6 Tips for Reducing Your VOC Exposure Simple, habit-forming strategies reduce your exposure to volatile organic compounds (VOCs) in your home. There is such a thing as too much ventilation.
Leaving windows open too often can introduce pollutants indoors. Image: Ryan McVay/Lifesize/Getty Images Chronic exposure to the essential ingredients in hundreds of household products that you use every day, like air fresheners and paint strippers, has been linked to a broad spectrum of health problems from headaches to asthma and cancer.
The effects of these volatile organic compounds, or VOCs-solids and liquids that convert easily to gas or vapor at room temperature-depend on a number of variable factors, including how many hours you spend at home, your storage habits, and ventilation patterns in your living space.
But VOCs are so widespread, you can't eliminate your exposure entirely. To keep your home as free of unwanted VOCs as possible, eliminate sources when you can and increase ventilation when using products containing VOCs. These practical and easily habit-forming steps should have minimal impact on your time and wallet. Take charge of VOCs
1. Buy only what you need. When it comes to household chemicals, break the habit of buying in bulk to save money. Stored chemicals are a major source of VOCs, even when the container appears to be tightly sealed. If you have leftover pesticides or paint, contact your municipal waste department to find out where you can dispose of them safely. When possible, buy low-VOC versions of products. Some "green" brands are only slightly more expensive than conventional versions. Keep in mind though that low-VOC replacements for caustic chemicals such as paint thinner may require a bit more elbow grease. Whichever products you choose, follow label instructions for storage and handling.
2. If you must store chemicals, put them in a detached shed if possible.
3. If detached storage isn't an option, eliminate open connections between the storage site and indoor air. Sometimes these connections aren't obvious-loose holes for ductwork can introduce garage air into, say, an adjacent basement with an air return duct that collects and disperses VOCs all over the house. Don't store chemicals next to air return and supply vents, or directly next to the door leading into the house.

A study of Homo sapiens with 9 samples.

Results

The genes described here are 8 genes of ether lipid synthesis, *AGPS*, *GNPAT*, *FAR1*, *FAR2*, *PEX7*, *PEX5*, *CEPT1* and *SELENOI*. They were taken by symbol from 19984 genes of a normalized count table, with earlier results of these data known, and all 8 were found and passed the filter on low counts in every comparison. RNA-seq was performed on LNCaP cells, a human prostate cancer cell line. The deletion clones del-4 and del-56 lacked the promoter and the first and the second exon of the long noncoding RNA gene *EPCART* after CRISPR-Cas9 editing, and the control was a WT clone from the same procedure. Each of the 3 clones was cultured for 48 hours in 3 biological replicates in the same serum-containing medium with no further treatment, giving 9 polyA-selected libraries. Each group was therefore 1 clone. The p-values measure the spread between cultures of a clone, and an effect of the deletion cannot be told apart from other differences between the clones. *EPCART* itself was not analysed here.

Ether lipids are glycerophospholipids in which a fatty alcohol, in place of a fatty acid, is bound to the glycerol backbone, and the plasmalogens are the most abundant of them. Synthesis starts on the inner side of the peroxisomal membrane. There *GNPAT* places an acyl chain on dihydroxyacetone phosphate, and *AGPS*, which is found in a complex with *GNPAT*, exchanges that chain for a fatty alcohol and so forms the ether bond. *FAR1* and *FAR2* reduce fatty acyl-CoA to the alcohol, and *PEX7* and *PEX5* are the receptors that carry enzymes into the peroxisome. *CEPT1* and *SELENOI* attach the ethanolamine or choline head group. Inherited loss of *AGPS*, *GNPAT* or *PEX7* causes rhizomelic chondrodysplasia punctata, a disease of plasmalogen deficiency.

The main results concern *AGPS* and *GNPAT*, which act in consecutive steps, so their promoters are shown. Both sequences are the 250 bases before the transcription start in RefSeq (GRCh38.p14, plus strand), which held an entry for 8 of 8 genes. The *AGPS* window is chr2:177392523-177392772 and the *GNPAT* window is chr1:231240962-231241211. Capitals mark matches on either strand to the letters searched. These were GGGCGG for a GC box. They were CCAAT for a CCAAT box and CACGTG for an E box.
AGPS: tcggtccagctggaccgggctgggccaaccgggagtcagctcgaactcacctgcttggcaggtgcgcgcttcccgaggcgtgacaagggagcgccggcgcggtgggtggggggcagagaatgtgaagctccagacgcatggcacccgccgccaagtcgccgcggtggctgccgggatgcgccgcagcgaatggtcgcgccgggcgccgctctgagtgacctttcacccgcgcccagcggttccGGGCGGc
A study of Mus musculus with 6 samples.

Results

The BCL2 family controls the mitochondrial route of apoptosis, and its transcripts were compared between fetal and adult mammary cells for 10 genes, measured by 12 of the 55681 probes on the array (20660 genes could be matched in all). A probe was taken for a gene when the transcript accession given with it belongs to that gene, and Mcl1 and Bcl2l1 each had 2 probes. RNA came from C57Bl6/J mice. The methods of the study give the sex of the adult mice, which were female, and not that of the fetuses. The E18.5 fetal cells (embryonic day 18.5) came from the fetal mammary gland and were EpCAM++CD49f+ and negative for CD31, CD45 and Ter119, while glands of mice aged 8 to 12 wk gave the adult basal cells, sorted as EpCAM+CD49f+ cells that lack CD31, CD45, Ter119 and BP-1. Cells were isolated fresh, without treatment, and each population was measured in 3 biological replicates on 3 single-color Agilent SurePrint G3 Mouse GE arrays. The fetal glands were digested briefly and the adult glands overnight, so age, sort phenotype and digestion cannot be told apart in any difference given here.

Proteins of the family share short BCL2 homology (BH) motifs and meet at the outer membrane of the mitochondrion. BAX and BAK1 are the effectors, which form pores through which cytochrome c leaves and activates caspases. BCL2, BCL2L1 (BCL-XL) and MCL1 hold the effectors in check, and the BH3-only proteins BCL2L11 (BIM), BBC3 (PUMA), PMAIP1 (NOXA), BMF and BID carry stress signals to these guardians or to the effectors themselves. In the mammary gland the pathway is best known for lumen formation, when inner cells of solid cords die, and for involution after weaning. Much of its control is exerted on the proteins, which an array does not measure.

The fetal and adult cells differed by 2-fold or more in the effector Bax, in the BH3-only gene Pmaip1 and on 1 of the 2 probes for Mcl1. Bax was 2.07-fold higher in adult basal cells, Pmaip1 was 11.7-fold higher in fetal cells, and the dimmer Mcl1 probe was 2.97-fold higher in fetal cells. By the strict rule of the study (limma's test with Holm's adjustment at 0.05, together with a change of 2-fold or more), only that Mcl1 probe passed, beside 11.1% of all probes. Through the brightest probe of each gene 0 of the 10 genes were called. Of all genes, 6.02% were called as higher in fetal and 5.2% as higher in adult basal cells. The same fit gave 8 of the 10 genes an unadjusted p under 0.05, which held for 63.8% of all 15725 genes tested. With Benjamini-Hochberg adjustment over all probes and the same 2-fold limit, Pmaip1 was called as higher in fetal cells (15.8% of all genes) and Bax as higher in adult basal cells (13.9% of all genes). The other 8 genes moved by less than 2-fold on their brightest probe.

4. Open windows and run fans when youíre working with pungent chemicals. "In the indoor air quality industry, we have an axiom that's easy to remember," says Peter Frederick, principal scientist for MACTEC Engineering and Consulting in Lexington, Ky. "The solution to pollution is dilution." Trust your nose-keep a box fan on hand and ventilate whenever you smell chemicals. (Box fans start around $20 at home retail stores.) That includes any time you bring vinyl or plastic items (say, a new shower curtain) or dry-cleaned clothes into the house. If weather permits, set items outside for a while to off-gas-at least until they don't smell. Exercise moderation with open windows. Too much ventilation can introduce pollutants from outdoors and increase indoor humidity-particularly in humid climates when the A/C is running-which can lead to mold growth [LINK TO prevent mold article]. If you're doing a major task such as painting that requires opening windows to ventilate, consider using a dehumidifier in conjunction with your A/C. Keep in mind that portable air cleaning units aren't effective because they don't remove gases and humidity. And some even produce ozone, according to The Daily Green.
5. Use exhaust fans wisely. Bathroom and kitchen fans are great for removing VOCs from the air, especially because cooking and cleaning can release some potent, even carcinogenic, compounds. But if you run exhaust fans constantly, you create a zone of negative air pressure inside the house that draws outside air into the home. For instance, that could draw VOCs from your attached garage, including stored chemicals and car exhaust, into the house. Rather, run fans until any chemical or smoke smell dissipates and then turn them off. If you use your garage as a regular work area for VOC-generating hobbies, such as woodworking, consider installing an exhaust fan to the outside. Exhaust fans, available through online retailers, roughly range from $250 to $400.
6. Ditch air fresheners. The health evidence against plug-in and spray air fresheners is mounting; many emit chemicals and ultra-fine particulates that aren't identified on the label. Some also contain terpene, which reacts with naturally occurring ozone in the air and forms compounds that have long-term effects on the respiratory system (asthma, for example). Your health is important. With increased focus on energy efficiency and weatherization, don't forget that fresh air can be an important component of a smart house.